Fireflies: The Twinkle in Nature's Eye

Fireflies bring magic to warm summer evenings.

| June/July 2004

  • Science of Fireflies
    A firefly-studded meadow in New Jersey.
    Photo courtesy E.R. Degginger/Color Pic Inc.
  • Bioluminescence
    The Pyralis firefly, common east of the Rocky Mountains.
    Photo courtesy Kevin Adams
  • Catching Fireflies
    Fireflies blend with the stars above Plymouth, Mass.
    Photo courtesy Matt Bendaniel/Bruce Coleman Inc.
  • Lightning Bugs
    The Pennsylvania firefly, common from the Atlantic coast to Texas and north to Manitoba.
    Photo courtesy Dwight Kuhn
  • Fireflies
    There are some 2,000 species of fireflies, many of them native to the tropics in South America and the Pacific Ocean. They’re all members of the family Lampyridae, which loosely translated means “shining fire.”
    Photo courtesy Fotolia/fergregory

  • Science of Fireflies
  • Bioluminescence
  • Catching Fireflies
  • Lightning Bugs
  • Fireflies

It was back in the days when my old friend Hugh was a new friend. We’d just finished dinner at his cabin in North Carolina’s Saluda Mountains. “Let’s go for a walk,” he said, “I have something to show you.” Noting a suspicious glint in his eyes, I asked him what was up. “You’ll see,” he said. “Here, take a flashlight. It’ll be dark by the time we get back.”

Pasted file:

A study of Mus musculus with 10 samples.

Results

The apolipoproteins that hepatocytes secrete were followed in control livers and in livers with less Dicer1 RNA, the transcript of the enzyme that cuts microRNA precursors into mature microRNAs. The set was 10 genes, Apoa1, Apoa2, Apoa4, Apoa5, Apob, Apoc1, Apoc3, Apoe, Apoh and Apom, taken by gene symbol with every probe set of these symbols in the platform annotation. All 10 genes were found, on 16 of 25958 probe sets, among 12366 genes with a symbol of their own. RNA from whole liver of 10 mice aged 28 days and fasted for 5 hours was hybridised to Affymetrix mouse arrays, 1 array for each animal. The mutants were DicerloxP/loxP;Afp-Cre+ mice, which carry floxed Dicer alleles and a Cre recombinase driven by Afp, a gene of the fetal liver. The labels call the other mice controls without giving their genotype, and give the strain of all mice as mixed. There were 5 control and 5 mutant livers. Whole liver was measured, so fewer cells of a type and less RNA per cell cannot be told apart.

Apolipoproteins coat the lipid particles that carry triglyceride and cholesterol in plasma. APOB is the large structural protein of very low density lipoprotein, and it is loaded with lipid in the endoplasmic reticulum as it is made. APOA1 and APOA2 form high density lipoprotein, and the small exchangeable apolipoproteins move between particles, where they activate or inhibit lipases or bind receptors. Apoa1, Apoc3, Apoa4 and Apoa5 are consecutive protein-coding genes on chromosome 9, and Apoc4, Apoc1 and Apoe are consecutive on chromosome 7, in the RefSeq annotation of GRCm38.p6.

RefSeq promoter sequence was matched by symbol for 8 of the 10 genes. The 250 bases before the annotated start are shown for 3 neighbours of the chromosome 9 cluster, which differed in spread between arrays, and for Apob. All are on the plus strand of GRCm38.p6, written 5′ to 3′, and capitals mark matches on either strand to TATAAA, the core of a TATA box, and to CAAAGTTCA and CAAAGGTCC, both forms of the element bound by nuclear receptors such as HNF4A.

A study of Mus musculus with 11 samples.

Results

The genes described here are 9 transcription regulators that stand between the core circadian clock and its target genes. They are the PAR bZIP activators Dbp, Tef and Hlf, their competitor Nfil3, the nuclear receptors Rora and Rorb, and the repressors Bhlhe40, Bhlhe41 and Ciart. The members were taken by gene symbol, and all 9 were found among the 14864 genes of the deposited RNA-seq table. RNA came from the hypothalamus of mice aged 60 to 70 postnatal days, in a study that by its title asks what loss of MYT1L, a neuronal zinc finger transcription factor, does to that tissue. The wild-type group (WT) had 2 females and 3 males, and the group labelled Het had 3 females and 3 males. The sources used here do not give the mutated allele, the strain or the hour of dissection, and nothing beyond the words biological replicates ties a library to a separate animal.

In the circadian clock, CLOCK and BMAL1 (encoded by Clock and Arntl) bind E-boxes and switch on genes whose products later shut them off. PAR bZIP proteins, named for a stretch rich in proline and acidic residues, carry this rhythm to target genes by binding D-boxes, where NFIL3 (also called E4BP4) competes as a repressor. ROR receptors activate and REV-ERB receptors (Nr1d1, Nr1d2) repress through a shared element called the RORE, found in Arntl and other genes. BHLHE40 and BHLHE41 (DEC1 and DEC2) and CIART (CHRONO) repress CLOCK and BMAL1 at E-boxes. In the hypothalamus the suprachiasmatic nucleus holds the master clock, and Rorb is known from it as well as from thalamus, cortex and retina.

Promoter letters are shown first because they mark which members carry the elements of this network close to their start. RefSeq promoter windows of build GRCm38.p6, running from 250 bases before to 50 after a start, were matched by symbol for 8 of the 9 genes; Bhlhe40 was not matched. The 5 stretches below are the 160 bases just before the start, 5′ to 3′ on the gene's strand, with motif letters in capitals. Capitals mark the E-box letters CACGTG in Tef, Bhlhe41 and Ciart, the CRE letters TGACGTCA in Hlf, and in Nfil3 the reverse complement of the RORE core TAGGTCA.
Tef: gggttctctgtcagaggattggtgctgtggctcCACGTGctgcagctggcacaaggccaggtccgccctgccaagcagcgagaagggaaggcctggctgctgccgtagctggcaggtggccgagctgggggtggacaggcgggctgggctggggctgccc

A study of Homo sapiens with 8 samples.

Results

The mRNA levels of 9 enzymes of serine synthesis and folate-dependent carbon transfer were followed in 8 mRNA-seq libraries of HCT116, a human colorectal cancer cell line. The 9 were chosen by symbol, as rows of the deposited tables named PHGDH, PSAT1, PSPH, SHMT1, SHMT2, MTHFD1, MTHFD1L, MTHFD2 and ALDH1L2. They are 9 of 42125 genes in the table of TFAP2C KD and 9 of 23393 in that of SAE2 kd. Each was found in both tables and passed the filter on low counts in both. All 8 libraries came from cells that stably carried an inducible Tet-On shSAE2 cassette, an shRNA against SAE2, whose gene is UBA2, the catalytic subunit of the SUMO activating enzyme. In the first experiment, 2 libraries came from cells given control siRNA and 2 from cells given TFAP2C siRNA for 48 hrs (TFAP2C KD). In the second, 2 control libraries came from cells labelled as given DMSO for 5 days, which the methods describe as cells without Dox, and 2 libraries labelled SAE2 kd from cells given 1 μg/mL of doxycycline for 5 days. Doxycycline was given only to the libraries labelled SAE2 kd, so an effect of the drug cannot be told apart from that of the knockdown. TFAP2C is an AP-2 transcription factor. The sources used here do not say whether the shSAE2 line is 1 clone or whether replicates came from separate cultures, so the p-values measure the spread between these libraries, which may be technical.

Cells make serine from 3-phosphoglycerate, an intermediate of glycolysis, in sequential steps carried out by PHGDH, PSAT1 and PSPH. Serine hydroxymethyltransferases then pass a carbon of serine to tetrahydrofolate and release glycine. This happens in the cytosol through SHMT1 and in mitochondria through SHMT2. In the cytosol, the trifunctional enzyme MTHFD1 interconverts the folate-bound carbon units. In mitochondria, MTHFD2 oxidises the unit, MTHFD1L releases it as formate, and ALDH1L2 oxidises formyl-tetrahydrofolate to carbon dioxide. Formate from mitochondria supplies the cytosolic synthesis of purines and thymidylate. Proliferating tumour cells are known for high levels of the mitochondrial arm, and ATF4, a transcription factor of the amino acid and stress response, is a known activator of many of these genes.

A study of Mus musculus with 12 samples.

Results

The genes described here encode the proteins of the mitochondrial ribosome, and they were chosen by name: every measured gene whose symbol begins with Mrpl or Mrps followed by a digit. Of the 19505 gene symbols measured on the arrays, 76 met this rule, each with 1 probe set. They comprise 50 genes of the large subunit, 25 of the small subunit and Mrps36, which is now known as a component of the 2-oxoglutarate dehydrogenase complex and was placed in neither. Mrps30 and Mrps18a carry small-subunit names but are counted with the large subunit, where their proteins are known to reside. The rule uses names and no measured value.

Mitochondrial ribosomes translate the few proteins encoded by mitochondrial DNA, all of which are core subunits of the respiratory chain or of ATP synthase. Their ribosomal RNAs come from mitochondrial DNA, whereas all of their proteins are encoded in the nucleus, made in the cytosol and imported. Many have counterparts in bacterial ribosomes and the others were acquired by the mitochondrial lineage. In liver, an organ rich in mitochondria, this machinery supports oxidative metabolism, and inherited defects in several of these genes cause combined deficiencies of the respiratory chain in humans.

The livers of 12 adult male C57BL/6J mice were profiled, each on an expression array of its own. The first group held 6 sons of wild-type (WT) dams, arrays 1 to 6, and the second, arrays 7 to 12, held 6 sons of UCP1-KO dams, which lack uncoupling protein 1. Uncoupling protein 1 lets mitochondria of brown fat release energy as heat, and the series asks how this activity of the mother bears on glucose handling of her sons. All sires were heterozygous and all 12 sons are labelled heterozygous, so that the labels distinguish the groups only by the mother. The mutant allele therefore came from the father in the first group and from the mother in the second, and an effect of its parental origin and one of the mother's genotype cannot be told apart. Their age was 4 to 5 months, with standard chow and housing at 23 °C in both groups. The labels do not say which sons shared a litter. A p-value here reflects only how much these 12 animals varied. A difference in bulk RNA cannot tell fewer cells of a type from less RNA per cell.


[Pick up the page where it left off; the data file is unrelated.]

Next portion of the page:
So we filed outside, Hugh in the lead and my wife, Laurel, and I following and exchanging “now-what?” glances. He led us onto an old logging road that plunged deep into the early-summer woods. The darkening forest was hushed, save for occasional twilight birdsong. All around were tangles of rhododendron and wizened old oaks towering above bracken fern. It was the sort of woodland where, at any turn, you would half expect to see an impish elf. But the magic we were about to witness far surpassed any mere fantasy.

“Here,” Hugh declared, stopping as we came into a small clearing.

“Where?” I asked, looking round.



“Just wait,” Hugh said, mysterious as ever. “Just wait.”

And so there we stood, waiting, as dusk gradually turned to night.

blue_4
6/12/2009 1:01:50 AM

i just read something about similar fireflies in tennessee... http://www.knoxnews.com/news/2009/may/30/smokies-light-show-scheduled-june-6-14/ "The synchronous fireflies don’t actually flash in unison. Rather, one or two males will flash, and this causes other males nearby to start flashing at random, and for a set period of time. The effect is stop-start sequence, with each burst of blinking light lasting about eight seconds. Synchronous fireflies - Photinus carolinus - occur in watersheds throughout the Smokies, not just at Elkmont. They like open areas in the forest, preferably near a water source.…In addition to the synchronous fireflies, visitors will likely also see some blue ghosts - fireflies that don’t blink, but fly around with their blueish light stuck in the “on” position."